Beloved for its aesthetic beauty and exceptionally high quality, Georgian furniture is arguably the most sought-after and enduring furniture in British history. At M.S. Rau, we offer a number of stunning Georgian masterpieces (including furniture) in our collection that feature many of the Georgian style furniture characteristics. If you're curious about how to identify antique tables and furniture, our resource center can help you make sure you know how to tell an authentic antique furniture piece from a fake. To learn more about this 18th century furniture style, read on below.
THE GEORGIAN ERA
As the exquisite predecessor to the Victorian era and Victorian furniture, the Georgian Era (1714-1830), is a period of British history marked by the reigns of George I, George II, George III, and George IV, the first four Hanoverian kings of Great Britain. Romantic style Victorian era antiques are among some of our most requested pieces of fine jewelry for sale. A period of peace and prosperity spanning over a century, the Georgian period saw a great increase in innovation, an expansion of the already powerful British Empire, and a flowering of literary and visual arts and architecture.
STYLISTIC EVOLUTION OF GEORGIAN FURNITURE
Two factors heavily influenced the stylistic evolution seen in Georgian furniture design, Georgian art, and Georgian architecture during this era: a renewed interest in ancient Greek and Roman art and architecture and the importation and popularization of mahogany.
The influence of classical antiquity is most evident in the Palladian furniture style (sometimes called Georgian Palladian) of the early to mid-Georgian era. The luxurious style of Palladian furniture, often massive in scale and extravagantly gilded with cabriole legs, was intended to furnish England’s country homes, mansions, and palaces. From a dining table to a dining chair, this style was popularized primarily by the designs of furniture maker William Kent. It is highly likely that the growing number of young wealthy Englishmen traveling to Italy for a Grand Tour ultimately led to the incorporation of classic Greek and Roman elements into a new English furniture design of the period.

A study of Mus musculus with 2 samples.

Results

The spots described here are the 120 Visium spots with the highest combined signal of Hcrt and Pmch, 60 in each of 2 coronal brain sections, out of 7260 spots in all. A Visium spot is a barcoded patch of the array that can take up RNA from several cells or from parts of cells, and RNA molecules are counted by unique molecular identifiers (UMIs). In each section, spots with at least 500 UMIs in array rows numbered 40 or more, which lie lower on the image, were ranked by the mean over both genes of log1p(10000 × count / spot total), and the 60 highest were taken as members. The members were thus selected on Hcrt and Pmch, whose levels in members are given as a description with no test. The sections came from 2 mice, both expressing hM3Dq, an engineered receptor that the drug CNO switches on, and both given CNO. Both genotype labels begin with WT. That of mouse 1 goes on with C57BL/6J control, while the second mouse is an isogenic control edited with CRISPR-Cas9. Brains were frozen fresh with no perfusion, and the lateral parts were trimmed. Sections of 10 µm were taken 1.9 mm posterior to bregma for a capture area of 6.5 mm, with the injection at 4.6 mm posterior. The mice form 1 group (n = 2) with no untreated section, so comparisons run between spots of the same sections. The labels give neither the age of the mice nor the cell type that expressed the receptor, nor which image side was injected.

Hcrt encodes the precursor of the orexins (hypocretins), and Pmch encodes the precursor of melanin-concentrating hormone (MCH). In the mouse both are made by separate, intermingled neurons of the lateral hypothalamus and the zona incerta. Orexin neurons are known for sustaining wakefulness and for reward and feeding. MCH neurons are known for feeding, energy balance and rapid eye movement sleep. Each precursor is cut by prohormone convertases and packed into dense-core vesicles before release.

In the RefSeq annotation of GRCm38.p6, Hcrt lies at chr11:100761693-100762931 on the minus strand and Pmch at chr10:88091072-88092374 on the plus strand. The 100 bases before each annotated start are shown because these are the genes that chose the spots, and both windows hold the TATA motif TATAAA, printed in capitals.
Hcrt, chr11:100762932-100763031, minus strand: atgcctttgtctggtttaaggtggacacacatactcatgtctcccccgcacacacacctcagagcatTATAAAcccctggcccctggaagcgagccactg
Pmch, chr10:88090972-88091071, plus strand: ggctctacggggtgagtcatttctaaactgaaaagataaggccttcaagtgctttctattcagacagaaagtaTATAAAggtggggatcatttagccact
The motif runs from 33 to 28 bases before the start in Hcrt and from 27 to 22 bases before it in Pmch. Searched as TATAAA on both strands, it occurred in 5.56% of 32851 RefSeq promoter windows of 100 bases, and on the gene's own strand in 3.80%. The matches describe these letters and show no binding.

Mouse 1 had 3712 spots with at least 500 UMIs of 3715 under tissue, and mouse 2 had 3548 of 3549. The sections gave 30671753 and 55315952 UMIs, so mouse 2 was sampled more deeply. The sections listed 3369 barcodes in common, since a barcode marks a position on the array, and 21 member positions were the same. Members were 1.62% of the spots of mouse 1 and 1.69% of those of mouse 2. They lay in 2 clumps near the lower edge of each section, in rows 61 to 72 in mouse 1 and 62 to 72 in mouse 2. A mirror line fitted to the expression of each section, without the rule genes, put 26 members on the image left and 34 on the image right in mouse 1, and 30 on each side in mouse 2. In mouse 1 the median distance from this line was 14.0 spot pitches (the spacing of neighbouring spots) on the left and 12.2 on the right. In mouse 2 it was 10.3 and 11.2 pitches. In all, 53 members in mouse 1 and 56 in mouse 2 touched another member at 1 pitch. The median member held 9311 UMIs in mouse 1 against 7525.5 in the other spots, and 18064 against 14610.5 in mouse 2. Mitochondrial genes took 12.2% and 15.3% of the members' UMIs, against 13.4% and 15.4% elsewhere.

During the early 18th century, Georgian style furniture was deeply rooted in Dutch and French fashions of the previous century, with walnut reigning supreme as the wood of choice. However, when walnut trees became diseased, manufacturers had to import mahogany from the West Indian colonies. The exotic, dark wood can be polished to a high degree, lending itself to the crisp edges, architectural lines, and Italianate shapes that emerged in the Georgian Era—mahogany quickly became the wood of choice!
Urbanization and societal changes also influenced (although to a lesser degree) Georgian style furniture. For example, in previous centuries, tables and chairs (especially dining room chairs) were pushed back against the wall when not in use. Therefore, the backs of chairs were typically quite plain—people would no more pay for hidden decoration than they would now! However, in the 18th century, during the early Georgian period, life became less formal, and permanent sitting areas became fixtures in the home. In response to this development, the backs of a typical Georgian chair began to feature intricate carving and inlay, making the piece appear beautiful when viewed from any angle. The elaborate carving and detailing design of Georgian furniture pieces and historical chairs completely transformed English furniture and brought forth a new interior design style that exudes fine elegance.
INFLUENTIAL CABINETMAKERS: KENT, CHIPPENDALE, HEPPLEWHITE, & SHERATON
Of all English cabinetmakers working within the Georgian era, four furniture designers surpass the rest: William Kent, Thomas Chippendale, George Hepplewhite, and Thomas Sheraton.
William Kent (1686-1748)
- Monumental, heavy overall appearance
- Influenced primarily by classical art and architecture of Rome
- Embellished by ornate carvings, excessive gilding
- Common decorative motifs include columns, scallop shells, pediments, and masks
- Designs are marked by symmetry and balance
Thomas Chippendale (1718-1779)
-Chippendale style furniture had a refined, elegant overall appearance
- Elements of Rococo, Gothic, and Chinese styles are incorporated harmoniously
- Embellished with carvings
- Chairs and sofas upholstered with rich brocades, velvets, and damasks
- Cabriole legs with ball and claw feet are typical
George Hepplewhite (1727-1786)
- Graceful overall appearance
- Pieces may be embellished with carvings, painted designs, inlay, or contrasting veneers
-Common neoclassical motifs include swags, ribbons, feathers, urns, and plants
- Pieces are geometric in shape, particularly curved or circular
- May feature “tambours” or vertical strips of wood glued to a heavy cloth
- Legs and feet are typically simple
Thomas Sheraton (1751-1806)
- Light, delicate overall appearance
- Embellished with low-relief carvings, the art of marquetry, or contrasting veneers
- Common neoclassical motifs include swags, ribbons, lyres, feathers, urns, and flowers
- Pieces are typically geometric in shape, particularly square or rectangular
- Slender legs may be straight or tapered
This blog post is the third and final installment of a three-part series which explores the flowering of the arts during the Georgian Era (1714-1830) and serves as a supplement to “House of Hanover: The Georgian Collection” currently on display at M.S. Rau Antiques.